In rural Uganda, many women and girls struggle to pay for food or education, let alone menstrual pads. Additionally, there are many myths, misunderstandings, and taboos around menstruation. As a result, most women use unsanitary scraps of cloth to manage their periods and in many cases aren't permitted to leave their homes while menstruating. Through our weekly trainings, we teach women, men, boys and girls about the facts of menstruation and how to make their own re-useable pads.
Currently, almost all women in Mpigi, Uganda use old news papers, leaves, banana fibers, rugs, sponges to manage their periods. Most do not have enough money to buy sanitary pads or are too fearful to ask their fathers or husbands to purchase them. There are also many myths about menstruation in Uganda, including that a girl on her period will curse anyone she meets or can bring bad luck to her school or workplace. As a result, many women and girls have to remain at home during menstruation.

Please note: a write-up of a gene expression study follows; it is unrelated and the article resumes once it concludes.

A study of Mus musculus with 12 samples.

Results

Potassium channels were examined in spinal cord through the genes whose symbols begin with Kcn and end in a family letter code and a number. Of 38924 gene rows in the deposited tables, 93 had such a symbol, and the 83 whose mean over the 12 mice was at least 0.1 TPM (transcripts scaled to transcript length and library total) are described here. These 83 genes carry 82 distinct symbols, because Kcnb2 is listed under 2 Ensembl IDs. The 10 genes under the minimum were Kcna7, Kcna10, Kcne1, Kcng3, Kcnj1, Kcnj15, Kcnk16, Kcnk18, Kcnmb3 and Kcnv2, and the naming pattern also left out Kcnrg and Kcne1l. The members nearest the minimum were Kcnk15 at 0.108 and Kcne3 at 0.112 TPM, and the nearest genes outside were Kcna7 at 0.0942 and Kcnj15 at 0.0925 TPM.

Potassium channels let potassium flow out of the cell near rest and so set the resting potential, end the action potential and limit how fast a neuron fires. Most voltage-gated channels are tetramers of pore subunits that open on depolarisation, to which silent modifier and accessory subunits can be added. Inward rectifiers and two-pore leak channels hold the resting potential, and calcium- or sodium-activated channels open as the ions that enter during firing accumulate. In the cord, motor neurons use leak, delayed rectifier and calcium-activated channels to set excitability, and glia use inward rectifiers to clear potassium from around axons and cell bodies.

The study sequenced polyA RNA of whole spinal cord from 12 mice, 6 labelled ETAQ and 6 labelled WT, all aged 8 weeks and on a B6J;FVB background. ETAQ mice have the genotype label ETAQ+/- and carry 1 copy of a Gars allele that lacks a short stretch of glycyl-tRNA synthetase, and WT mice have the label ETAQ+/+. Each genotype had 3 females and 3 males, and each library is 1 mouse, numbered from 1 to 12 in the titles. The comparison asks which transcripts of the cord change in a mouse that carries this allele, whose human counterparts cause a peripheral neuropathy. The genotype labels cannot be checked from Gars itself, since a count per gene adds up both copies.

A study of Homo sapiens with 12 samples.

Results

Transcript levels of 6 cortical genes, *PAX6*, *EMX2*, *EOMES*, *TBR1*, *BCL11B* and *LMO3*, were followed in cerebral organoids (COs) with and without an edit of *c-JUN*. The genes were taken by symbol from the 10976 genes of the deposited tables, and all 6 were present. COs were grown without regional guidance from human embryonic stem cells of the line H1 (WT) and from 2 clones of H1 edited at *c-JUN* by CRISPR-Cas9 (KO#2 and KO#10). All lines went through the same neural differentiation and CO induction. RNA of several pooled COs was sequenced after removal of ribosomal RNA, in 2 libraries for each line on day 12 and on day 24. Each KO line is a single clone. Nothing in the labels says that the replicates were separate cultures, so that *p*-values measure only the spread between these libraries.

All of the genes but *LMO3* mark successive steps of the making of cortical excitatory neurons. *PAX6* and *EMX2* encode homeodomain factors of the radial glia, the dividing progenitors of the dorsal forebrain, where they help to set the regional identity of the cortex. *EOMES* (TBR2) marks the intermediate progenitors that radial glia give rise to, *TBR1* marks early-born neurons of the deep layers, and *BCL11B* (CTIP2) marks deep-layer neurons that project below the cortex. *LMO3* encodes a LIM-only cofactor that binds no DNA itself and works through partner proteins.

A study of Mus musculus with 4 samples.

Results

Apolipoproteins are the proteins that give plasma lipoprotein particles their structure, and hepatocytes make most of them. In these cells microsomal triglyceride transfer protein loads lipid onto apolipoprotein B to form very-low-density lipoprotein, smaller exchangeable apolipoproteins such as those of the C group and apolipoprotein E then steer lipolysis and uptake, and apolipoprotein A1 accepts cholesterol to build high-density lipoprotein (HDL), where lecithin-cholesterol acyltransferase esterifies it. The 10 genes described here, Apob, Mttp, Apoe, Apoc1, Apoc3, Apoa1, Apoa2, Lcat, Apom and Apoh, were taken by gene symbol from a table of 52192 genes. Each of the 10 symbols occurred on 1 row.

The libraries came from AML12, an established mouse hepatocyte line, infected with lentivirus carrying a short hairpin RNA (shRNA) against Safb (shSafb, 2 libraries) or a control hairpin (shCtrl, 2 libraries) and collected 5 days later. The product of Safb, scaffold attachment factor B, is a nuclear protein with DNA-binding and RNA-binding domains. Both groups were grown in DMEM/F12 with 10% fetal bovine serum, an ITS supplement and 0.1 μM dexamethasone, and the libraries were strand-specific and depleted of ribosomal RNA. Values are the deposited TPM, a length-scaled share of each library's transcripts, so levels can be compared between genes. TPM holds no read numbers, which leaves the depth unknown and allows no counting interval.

For less than $1 USD girl can sew her own reusable sanitary pad that can last for up to a year. Each week, we host 2-day trainings at community centers to dispel the myths about menstruation and teach attendees how to make their own pads. We include men and boys as well so that they learn how to support women and girls on their periods. Thus far, we have taught 300 individuals to make and use their own pads, which they can continue to make into the future.
In addition to offering a more sanitary method of menstruation management, the pads can also provide a source of income to women. Many have started their own businesses selling the pads and support their families or pay for school tuition with the funds. Furthermore, owning pads protects girls from dropping out, because they miss school while on their periods, or marrying early. Many girls date and are impregnated by older men who can purchase pads for them, an issue avoided through the project.